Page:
By C.V. Moore
The first day of early voting in West Virginia had voters lining up outside the Memorial Building in downtown Fayetteville. From energy to education, 356 total Fayette County voters on Wednesday found a range of issues hanging over their heads in the voting booth.
“I believe in voting,” says Debra Elmore, the first in the county to cast her ballot in the general election. “That’s why I was first in line. I want my vote to count and I want my voice heard.”
Three early voting locations — one in each of the county’s districts — offer Fayette voters plenty of options this year.
Hours at Fayetteville's Memorial Building, Montgomery City Hall, and the Danese Community Building run from 8 a.m. to 4 p.m. on weekdays and 9 a.m. to 5 p.m. on Saturday remaining before election day.
Elmore, who works for the American Federation of Teachers, says education played a big role in her choice for president.
“Especially after that last debate, when Gov. Romney made the comment about teachers’ unions. You can’t blame everything on teachers’ unions. That sealed the deal,” she said.
Poverty and health care, especially for women, were other important issues for her.
Johnny Morris, another early voter, says his choice for Gov. Mitt Romney for president was informed by a focus on “God, country, and family.”
As someone who has served in the military, Judy Weaver made her decision to vote for Romney based on national security and the economy.
“I was concerned with the way I see the Middle East going...The economy is not improving and the current president is not stepping up to take ownership,” she said.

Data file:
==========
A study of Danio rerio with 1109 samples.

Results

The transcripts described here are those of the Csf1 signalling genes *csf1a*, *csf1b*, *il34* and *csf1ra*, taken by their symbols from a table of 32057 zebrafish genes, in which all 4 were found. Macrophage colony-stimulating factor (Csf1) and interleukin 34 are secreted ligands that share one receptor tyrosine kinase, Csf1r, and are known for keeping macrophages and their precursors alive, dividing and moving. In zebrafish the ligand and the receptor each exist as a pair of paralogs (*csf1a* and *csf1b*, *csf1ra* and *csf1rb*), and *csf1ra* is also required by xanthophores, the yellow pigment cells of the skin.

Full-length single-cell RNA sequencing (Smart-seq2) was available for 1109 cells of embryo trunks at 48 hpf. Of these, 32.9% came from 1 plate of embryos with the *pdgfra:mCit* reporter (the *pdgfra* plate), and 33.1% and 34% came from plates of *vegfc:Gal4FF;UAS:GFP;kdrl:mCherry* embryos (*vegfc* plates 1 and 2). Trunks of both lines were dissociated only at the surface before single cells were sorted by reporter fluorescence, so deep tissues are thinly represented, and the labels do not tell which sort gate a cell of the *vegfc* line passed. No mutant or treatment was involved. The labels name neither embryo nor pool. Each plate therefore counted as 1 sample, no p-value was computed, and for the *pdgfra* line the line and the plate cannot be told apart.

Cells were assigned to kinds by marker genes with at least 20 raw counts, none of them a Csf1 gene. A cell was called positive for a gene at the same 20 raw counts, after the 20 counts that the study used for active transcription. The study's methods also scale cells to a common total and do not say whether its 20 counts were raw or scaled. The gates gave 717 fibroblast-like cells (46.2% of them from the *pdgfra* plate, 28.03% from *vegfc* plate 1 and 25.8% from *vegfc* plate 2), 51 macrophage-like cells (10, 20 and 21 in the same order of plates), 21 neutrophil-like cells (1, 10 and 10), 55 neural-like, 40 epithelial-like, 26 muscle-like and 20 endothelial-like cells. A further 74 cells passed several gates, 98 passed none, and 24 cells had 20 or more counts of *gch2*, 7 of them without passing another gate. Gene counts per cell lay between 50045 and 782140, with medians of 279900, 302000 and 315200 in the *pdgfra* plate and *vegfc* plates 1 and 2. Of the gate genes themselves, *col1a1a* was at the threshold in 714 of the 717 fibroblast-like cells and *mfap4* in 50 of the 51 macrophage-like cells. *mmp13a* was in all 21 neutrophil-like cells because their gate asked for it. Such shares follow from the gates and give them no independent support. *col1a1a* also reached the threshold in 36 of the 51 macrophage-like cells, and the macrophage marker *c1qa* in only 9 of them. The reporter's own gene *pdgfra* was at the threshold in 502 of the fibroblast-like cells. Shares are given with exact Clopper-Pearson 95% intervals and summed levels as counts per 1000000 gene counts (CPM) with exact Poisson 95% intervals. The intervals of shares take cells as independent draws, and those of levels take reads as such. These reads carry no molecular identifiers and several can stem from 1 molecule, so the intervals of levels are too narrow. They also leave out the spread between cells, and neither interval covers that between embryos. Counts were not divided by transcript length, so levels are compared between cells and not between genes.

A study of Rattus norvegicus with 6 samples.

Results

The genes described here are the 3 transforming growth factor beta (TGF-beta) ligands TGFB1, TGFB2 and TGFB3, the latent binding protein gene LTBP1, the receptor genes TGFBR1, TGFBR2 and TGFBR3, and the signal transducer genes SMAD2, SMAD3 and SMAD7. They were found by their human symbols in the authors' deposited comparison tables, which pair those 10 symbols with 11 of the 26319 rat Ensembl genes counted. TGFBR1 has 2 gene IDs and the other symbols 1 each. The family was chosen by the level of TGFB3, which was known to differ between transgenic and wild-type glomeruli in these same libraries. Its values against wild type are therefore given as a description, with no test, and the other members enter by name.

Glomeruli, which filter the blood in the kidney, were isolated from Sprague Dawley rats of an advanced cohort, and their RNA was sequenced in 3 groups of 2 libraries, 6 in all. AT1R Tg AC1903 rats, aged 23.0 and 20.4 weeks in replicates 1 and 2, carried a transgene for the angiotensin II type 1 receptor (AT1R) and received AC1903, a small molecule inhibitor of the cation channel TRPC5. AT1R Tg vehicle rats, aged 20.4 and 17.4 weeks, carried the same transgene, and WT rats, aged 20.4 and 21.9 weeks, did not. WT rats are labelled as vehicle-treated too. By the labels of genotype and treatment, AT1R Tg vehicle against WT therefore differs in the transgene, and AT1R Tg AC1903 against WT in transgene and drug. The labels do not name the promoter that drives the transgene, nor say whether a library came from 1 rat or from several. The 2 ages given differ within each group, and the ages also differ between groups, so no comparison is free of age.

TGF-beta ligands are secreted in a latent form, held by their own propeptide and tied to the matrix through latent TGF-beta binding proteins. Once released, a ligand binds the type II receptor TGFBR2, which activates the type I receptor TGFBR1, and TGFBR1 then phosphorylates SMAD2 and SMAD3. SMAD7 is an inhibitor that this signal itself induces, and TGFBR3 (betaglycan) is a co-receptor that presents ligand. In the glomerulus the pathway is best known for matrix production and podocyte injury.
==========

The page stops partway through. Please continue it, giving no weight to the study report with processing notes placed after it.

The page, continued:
Shirley Hill was more forgiving of Obama during his first term.
“When Obama got in it, he had Republicans in there that screwed up everything,” she says. “I don’t think it’s his fault. Everyone would fight him on everything. I think the man done the best he can.”
“He come into a big old mess,” agreed Sonia Allen of Scarbro. “It takes more than four years. He’s been doing what he set out to do but it’s a hard road to work. Rome wasn’t built in a day. I say the man’s trying hard.”
A desire for everyone in the country to have medical coverage also makes her an Obama supporter.
“The rich, they just don’t care — if you’re sick then you’re sick,” she said. “They don’t want to give up a penny for nothing, no matter if you’re hungry, homeless, or sick.”
Romney’s disparaging remarks about the 47 percent of Americans who don’t pay federal income taxes also rubbed her the wrong way.
“He more or less wrote people off as a bunch of white trash,” she says.
With some West Virginia politicians on both sides of the aisle accusing the Obama administration of waging a “war on coal,” energy also weighed on voters’ minds.
“The coal miners don’t like Obama,” says Roger Hill.
“But the coal mining business was going downhill before he got in. It’s the market and that’s not his fault,” says Shirley Hill, his wife.
Morris believes Romney will support efforts in many energy sectors.
“I’m not against alternative means,” he says. “I think we should have hydro every 50 feet on the New and Gauley rivers so we could replace carbon energy. But coal is here, cheap, and free.”
“‘War’ is a tough word,” says Weaver, a Romney supporter, “but I do believe he is not for coal production. He is not doing everything in his power to stop it, but he’s not encouraging it.”
The county ticket this fall includes seven uncontested elections and one competitive race for magistrate.
An overwhelmingly Democratic county by registration, Fayette’s primaries are more often the stage for competitive races among local candidates.
According to Fayette County Clerk Kelvin Holliday, of the 356 total voters included 240 Democrats; 78 Republicans; 35 with no party; and 3 independents.